So I got 2 jobs...
- 0Jan 5, '13 by sdugan07I had two different job interviews yesterday, and I got both of them; what one should I go with?
A little background to me first would probably help. I graduated last December with my BSN. I passed my boards in April. Then I started a really long hike, thus forgetting many things I learned in school. I finished the 2,184 mile trek of the Appalachian Trail a few weeks before Christmas. Now I am back in northern Maine, and I have been out on the job hunt. Apparently taking a thru-hike is considered professional way up here, because both interviews I had yesterday basically hired me on the spot.
The first interview was at a very small hospital. They offered me a 24 hr position, doing night shifts at $20.05/hr. As a new nurse I know that getting hospital experience is very important.
The second interview was at a nursing facility - a pretty large, really nice one. They do not have any open positions, but they extended an offer for a 40 hr position that they will create me; this position is day shifts at $24.00/hr. I do have 5 years of CNA experience in gerontology and I love working with the elderly, but I really don't know if this is the best choice for me to make in the long run.
What do you all think?
- 0Jan 5, '13 by brown eyed girl, LPNFirst of all, which one do you REALLY WANT?????? What is the setting of the hospital position? Will you be providing bedside care at the ltc facility or be in a management role? If it's a management position, why take a management position (besides the hours and money) that you may not be ready for. Is the facility a skilled nursing/subacute rehab where you will get plenty of experience working the floor in hip and knee replacements, cellulitis, bladder scans, straight caths, initiating and maintaining IV'S. I see that you worked as a CNA in a ltc facility; let me be the first to tell you as a LPN Charge Nurse in a nursing home, being a Nurse and being a CNA is WAAAYYY different. Yes, I do provide hands on care at times to my patients but, that isn't my main focus as their Nurse; it is my job to make sure that the hands on care being provided by the CNA IS SAFE and in line with state regulation and facility policy and procedure. I also have to pass medications to 30 people(not in a rehab setting), chart on what's listed on the 24 hour report (which can get lengthy at times), follow up with the NP for returned lab results, transcribe any orders she gives, call the family members, and document it in their chart; not to mention assessing patients after a fall; and you have to complete specific compliance paperwork, call the NP and family for fall notification and document that as well. You may also have to perform wound care if your facility does have one. So, I can't imagine what kind of EXTRA responsibilities and expectations will be placed on you because you are a RN, BSN! As you can see it is doable (sometimes) BUT it is VERY HECTIC AND FRUSTRATING (at times) and you have to decide if its worth it and what do you stand to gain from the situation. Let me say this....DON'T SETTLE FOR A POSITION OR SETTING THAT YOU REALLY DON'T WANT! Best of luck to you with your decision and CONGRATULATIONS!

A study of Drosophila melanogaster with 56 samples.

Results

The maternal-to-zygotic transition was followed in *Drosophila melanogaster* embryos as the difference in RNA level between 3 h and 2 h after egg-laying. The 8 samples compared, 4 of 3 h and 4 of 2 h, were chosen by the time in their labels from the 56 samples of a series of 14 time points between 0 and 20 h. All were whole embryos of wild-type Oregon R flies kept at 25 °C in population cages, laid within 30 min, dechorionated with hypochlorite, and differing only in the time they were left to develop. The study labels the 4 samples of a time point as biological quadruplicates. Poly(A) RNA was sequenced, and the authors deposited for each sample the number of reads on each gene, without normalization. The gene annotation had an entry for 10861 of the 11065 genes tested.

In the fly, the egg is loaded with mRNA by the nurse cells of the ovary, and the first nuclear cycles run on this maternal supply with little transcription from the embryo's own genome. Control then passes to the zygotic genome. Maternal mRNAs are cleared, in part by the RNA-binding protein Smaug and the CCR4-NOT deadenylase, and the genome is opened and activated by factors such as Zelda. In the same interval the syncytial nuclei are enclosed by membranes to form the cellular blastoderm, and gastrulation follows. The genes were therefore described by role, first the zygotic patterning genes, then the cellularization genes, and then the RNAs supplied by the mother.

- 1Jan 5, '13 by merleeUntil you receive something in writing, make no presumptions. Many a person has posted that they thought they had an offer, even being allowed to shadow someone, being told of a start date and more. Then they got a rejection letter.
When you have those letters, you will have had time to weigh your options.
- 0Jan 6, '13 by sdugan07Thank you Brown Eyed Girl for your input. I am worried about being a charge nurse in a few months without much experience. I know I am not ready for that, and I don't feel that I will be ready for a few years. So I'm thinking that I will go with the hospital, even though the hours, pay rate and benefits are not as good. Once I'm in I can get more hours or move around.